A winter’s tale we’d do well to remember
This need not be a cautionary tale, but perhaps it is worth retelling, if only to remind compatriots of our recent history. It may not be true that history repeats itself, but it is always a wise thing to try to learn from it. The story starts at the end of a dramatic June in 2005. SA’s president had just sacked his deputy after a court judgment heavily implicated the latter in acts of corruption. Now members of the ruling party’s national executive committee (NEC) were demanding that the former deputy president also step aside from the deputy presidency position he held in the party.
By the end of that month, an announcement had been made that Jacob Zuma had “voluntarily” stepped down as ANC deputy president and would be focusing on efforts “to clear his name” as the National Prosecuting Authority was planning to charge him.
A few days later, thousands of party activists, deployees and veterans gathered at the University of Pretoria for the start of the ANC’s national general council (NGC). In terms of ANC rules, the NGC is a gathering of delegates from across the country some 30 months after the last national conference; their main job is to assess progress made since the start of the NEC’s five-year term. The NGC has no elective powers and cannot take real policy decisions.
Yet from the very first day of its sitting, trouble was in the air. The majority of delegates were not happy that Zuma had stepped down, blaming president Thabo Mbeki for the move even though the party leadership insisted that Zuma had done so voluntarily.
By the end of July 1, media outlets were reporting that Zuma had been reinstated to party activities and structures.
“Delegates to the NGC felt very strongly that the deputy president should be active and not withdraw from party structures,” said then ANC spokesperson Smuts Ngonyama.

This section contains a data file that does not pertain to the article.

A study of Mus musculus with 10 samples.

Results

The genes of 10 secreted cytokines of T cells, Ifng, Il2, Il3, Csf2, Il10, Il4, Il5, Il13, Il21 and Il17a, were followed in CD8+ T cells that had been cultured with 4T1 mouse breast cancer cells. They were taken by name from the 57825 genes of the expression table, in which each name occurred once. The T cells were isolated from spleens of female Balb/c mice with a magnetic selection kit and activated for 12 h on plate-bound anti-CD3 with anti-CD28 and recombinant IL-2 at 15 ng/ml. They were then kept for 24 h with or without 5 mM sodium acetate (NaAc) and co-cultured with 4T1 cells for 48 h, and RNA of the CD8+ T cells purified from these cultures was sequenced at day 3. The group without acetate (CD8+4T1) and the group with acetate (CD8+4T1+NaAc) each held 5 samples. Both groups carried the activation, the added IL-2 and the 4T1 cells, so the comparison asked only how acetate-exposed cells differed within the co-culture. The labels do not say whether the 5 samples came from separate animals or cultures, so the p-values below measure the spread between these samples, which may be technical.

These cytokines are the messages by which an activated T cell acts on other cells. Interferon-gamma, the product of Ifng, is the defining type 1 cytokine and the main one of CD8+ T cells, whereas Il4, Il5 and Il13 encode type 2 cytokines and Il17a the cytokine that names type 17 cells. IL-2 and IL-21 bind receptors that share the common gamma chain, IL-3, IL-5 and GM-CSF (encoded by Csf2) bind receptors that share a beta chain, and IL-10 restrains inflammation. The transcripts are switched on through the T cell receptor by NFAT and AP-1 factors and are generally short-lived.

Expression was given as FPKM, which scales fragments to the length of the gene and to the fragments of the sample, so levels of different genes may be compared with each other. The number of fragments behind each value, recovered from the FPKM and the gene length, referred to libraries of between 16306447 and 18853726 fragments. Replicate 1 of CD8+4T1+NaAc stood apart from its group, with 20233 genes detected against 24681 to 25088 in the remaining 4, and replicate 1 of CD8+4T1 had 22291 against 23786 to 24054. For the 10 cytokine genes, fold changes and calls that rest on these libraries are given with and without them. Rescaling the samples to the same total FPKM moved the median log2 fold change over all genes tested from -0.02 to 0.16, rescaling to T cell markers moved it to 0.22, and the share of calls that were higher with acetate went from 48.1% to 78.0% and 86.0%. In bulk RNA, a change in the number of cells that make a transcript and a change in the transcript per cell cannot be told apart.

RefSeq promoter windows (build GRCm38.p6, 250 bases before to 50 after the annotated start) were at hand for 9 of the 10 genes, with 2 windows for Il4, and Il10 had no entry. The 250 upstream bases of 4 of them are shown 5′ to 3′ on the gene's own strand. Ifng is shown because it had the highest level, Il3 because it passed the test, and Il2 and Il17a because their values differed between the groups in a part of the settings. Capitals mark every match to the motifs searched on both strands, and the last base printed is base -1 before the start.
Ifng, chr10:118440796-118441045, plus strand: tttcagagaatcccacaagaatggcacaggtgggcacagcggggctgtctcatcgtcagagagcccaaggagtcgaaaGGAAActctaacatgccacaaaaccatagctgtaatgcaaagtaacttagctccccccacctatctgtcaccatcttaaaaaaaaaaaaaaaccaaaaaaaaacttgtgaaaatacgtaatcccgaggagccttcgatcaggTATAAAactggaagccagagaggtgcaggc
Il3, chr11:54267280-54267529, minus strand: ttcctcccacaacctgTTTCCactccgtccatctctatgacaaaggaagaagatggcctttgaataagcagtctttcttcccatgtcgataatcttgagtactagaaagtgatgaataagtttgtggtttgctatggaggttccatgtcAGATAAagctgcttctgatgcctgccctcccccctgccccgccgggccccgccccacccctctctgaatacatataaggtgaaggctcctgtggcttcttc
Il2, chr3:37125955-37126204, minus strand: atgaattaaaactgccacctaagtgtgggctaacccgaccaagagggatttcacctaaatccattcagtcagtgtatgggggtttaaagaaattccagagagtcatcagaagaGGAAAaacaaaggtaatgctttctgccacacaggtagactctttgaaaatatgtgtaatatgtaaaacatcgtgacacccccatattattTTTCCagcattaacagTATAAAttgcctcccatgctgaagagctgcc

And so began the Zuma clawback that eventually landed him in the Union Buildings as head of state for nine years.
The 2005 gathering also marked the unofficial adoption of the “innocent until proven guilty” mantra, to the detriment, in the long run, of both party and country.
It is this mantra, abused so often in order to protect the corrupt within party ranks, that the current NEC is trying to do away with, in its insistence that those who are criminally charged should “step aside” from their positions in the party.
This can’t be said enough: Ace Magashule, the ANC secretary-general, is no Jacob Zuma. But even he must be looking at the upcoming NGC, which some think might happen virtually towards the end of August, and fancying his chances of having the step-aside rule set aside by delegates — paving the way for a spectacular comeback.
The last couple of NEC meetings have shown us, without doubt, that President Cyril Ramaphosa is firmly in charge of the party’s decisionmaking structures. In the past year or so, he has won virtually every battle he has waged against his detractors within the party. That ought not to be a surprise to anyone, really, as every ANC president tends to enjoy overwhelming support in the NEC while in office. After all, in their other role as head of state, they tend to pick most of their cabinet from the NEC. And, as we all know, it is really not an easy thing to stand up against one’s employer.
But is the backing for Ramaphosa that we see at NEC level a reflection of the support he enjoys among ANC branches?
It is at the upcoming NGC, if it does happen, where this question will be put to the test. The 2005 NGC taught us that it was not enough for a president to have the backing of his party’s NEC and the general public in acting against those who are accused of corruption and other wrongdoing; he needs the support of the ANC’s lower structures too.
The chattering classes and the rest of us can lampoon Magashule as much as we like for his tree-planting ceremonies in Soweto and other publicity-seeking stunts he’ll be pulling elsewhere in the coming weeks, but we should remember that there is a precedent — a man who seemed to be spending every weekend in 2005 attending funerals ended up turning the branches against the party leader.
Is Ramaphosa doing enough groundwork in the lower structures of the party to keep branches on his side as he goes on his current crusade? The NGC will answer that question, if it happens.